Definitive Ambiguity in Yemen
7 June 2011
Embattled Yemeni President Ali Abdullah Saleh, besieged by the protests of his people, was seriously injured in an RPG attack on the presidential palace in Sana’a and subsequently taken to a military hospital in Saudi Arabia. Yemen’s vice president, Abd al-Rab Mansur al-Hadi, is currently acting president of Yemen.
While in a nation-state with robust institutions and a strong tradition of the rule of law, the fact that the legal president was out of the country for medical treatment would not threaten the position of said president, or make it unlikely that said president could resume power. But it was immediately perceived by the crowds of protesters as well as talking heads on the news that, once Saleh was out of the country, his chances of hanging on to power dropped dramatically. It is often said that “possession is nine-tenths of the law,” and it would seem that physical possession of a weak presidency, including one’s personal presence in the country, is nine-tenths of authoritarianism.
Saleh, it must be said, played a devious game of brinkmanship, agreeing in principle to sign off on his departure, and then pulling back at the last minute while hiring protesters to engage in a show of “street power” in hopes of shoring up his position. Brinkmanship is like a game of chicken: you’ve got to be fearless, if not a little reckless, and if both parties to the game are equally fearless, someone is going to lose big. In other words, if you take your confrontation to the brink, you might well fall over the precipice.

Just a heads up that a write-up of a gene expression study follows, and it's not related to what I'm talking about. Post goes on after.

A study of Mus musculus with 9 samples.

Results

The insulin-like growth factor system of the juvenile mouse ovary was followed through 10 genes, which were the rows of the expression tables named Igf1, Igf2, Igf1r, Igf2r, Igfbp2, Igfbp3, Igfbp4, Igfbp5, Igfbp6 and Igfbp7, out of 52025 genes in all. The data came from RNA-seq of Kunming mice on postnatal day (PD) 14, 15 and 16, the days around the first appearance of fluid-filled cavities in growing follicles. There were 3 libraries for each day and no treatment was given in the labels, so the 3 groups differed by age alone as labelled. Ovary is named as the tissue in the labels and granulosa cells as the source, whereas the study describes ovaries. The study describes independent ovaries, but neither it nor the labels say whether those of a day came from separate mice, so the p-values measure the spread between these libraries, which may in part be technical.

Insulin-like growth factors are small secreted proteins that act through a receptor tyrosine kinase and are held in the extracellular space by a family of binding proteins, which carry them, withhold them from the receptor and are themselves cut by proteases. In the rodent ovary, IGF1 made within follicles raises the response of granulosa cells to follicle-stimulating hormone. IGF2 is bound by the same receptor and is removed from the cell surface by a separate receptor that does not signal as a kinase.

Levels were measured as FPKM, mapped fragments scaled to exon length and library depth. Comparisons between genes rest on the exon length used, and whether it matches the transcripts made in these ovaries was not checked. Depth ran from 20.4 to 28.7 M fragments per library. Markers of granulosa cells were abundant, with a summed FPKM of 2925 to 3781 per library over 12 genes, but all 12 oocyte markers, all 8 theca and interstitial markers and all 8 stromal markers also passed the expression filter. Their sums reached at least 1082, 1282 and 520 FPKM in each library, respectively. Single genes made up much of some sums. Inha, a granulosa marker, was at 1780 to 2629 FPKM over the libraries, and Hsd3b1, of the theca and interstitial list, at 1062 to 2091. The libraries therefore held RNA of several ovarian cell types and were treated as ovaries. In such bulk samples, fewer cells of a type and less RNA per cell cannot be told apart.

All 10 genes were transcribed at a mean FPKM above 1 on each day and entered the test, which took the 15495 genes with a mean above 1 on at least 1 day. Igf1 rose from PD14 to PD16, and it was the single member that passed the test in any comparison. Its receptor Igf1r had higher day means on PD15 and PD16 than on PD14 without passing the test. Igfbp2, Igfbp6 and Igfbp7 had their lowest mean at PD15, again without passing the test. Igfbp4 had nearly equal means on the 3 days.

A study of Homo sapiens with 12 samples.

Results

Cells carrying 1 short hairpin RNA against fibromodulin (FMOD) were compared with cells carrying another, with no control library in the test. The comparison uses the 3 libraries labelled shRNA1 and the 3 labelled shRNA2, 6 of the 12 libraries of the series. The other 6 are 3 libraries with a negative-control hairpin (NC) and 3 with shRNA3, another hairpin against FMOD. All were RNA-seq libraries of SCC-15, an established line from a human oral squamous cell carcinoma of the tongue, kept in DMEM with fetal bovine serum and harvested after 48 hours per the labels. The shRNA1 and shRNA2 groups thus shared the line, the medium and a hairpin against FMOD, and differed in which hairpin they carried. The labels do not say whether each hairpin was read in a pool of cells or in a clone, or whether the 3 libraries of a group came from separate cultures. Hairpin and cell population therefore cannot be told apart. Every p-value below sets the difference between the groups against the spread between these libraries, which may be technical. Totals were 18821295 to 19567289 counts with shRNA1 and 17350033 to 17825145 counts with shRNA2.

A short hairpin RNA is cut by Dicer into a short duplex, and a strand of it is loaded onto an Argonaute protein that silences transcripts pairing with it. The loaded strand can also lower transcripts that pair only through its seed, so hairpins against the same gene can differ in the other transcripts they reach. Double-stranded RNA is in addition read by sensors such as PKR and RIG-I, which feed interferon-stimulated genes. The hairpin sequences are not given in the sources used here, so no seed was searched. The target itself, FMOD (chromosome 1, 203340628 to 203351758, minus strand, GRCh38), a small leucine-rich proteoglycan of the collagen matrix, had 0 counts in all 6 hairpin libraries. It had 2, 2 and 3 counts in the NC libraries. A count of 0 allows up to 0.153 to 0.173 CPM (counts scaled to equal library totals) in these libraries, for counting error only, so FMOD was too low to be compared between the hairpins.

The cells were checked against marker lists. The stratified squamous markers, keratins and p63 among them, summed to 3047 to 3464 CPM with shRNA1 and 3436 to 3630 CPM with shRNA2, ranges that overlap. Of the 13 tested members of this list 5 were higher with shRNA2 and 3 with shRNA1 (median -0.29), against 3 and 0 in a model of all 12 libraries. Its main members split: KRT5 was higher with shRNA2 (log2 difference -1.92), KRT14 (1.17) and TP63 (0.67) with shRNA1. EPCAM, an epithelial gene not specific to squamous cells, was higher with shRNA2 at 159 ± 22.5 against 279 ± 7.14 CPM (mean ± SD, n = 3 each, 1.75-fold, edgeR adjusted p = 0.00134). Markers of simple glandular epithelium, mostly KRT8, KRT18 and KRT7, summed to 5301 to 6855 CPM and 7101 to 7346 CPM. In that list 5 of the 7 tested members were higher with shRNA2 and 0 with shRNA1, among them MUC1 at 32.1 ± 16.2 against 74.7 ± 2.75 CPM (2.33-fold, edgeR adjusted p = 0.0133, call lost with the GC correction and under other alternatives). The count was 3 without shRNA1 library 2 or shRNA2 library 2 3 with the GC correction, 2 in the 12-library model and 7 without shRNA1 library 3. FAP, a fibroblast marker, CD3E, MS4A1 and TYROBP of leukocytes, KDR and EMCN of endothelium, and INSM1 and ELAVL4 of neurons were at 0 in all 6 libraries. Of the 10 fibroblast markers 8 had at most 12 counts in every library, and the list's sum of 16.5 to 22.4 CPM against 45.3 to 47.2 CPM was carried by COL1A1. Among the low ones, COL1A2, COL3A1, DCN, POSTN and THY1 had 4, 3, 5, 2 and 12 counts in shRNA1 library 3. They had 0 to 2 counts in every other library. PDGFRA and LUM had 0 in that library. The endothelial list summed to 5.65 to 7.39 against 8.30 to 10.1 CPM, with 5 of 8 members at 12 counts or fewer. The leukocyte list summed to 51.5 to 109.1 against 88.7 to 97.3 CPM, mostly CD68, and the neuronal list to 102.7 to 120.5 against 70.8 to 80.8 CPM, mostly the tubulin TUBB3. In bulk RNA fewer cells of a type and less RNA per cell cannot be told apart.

It has been openly speculated in the press that Saudi Arabia might not “allow” Saleh to leave without signing off on the Gulf Cooperation Council’s agreement that he reneged on earlier. Saudi Arabia leads the GCC, and they were embarrassed by Saleh’s failure to make good on his deal. I’m skeptical of this, because Saudi Arabia has a vested interest in supporting authoritarianism in principle, and I suspect that if Saleh went to the king and forcefully made his case, the king would relent. That being said, Saudi Arabia has a variety of levers they can have yet to use against Saleh to get his reluctant cooperation. But even to speculate on this political calculation — i.e., the intransigence of Ali Abdullah Saleh vs. the intransigence of King Abdullah bin Abdul-Aziz Al Saud — is to admit that it’s a close-run thing.
It is one of the paradoxes of authoritarian rule that such rule fosters weak institutions and a civil society organized around the charismatic presence of a particular leader (or, less often, a particular leader’s family), so that in just such an ambiguous case as at present, even with Saleh still legally president of Yemen, the machinery of his personal rule cannot function effectively with him out of action. The authoritarian ruler is nearly absolute when in power, and stronger than a constitutional ruler, but when out of power the authoritarian ruler is even weaker than a constitutional ruler. Thus in gutting impersonal institutions and creating institutions dependent upon the personal presence of the ruler, the authoritarian ruler creates the conditions of his own fall from power.
But at the present moment, Saleh’s rule in Yemen is not even an institutional question; it is a question of his personal health. The most recent reports state that Saleh’s injuries are worse than originally reported. It is not known if he will be capable of exercising the duties of a president, much less able to forcefully assert himself in the face of adverse circumstances. An authoritarian ruler must be capable of wielding his authority, or he is nothing.
Thus to the ambiguity of Yemen’s weak institutions and the ambiguity of the role that Saudi Arabia will play is added the ambiguity of one man’s health, raising the ambiguity of Yemen’s future to a higher power.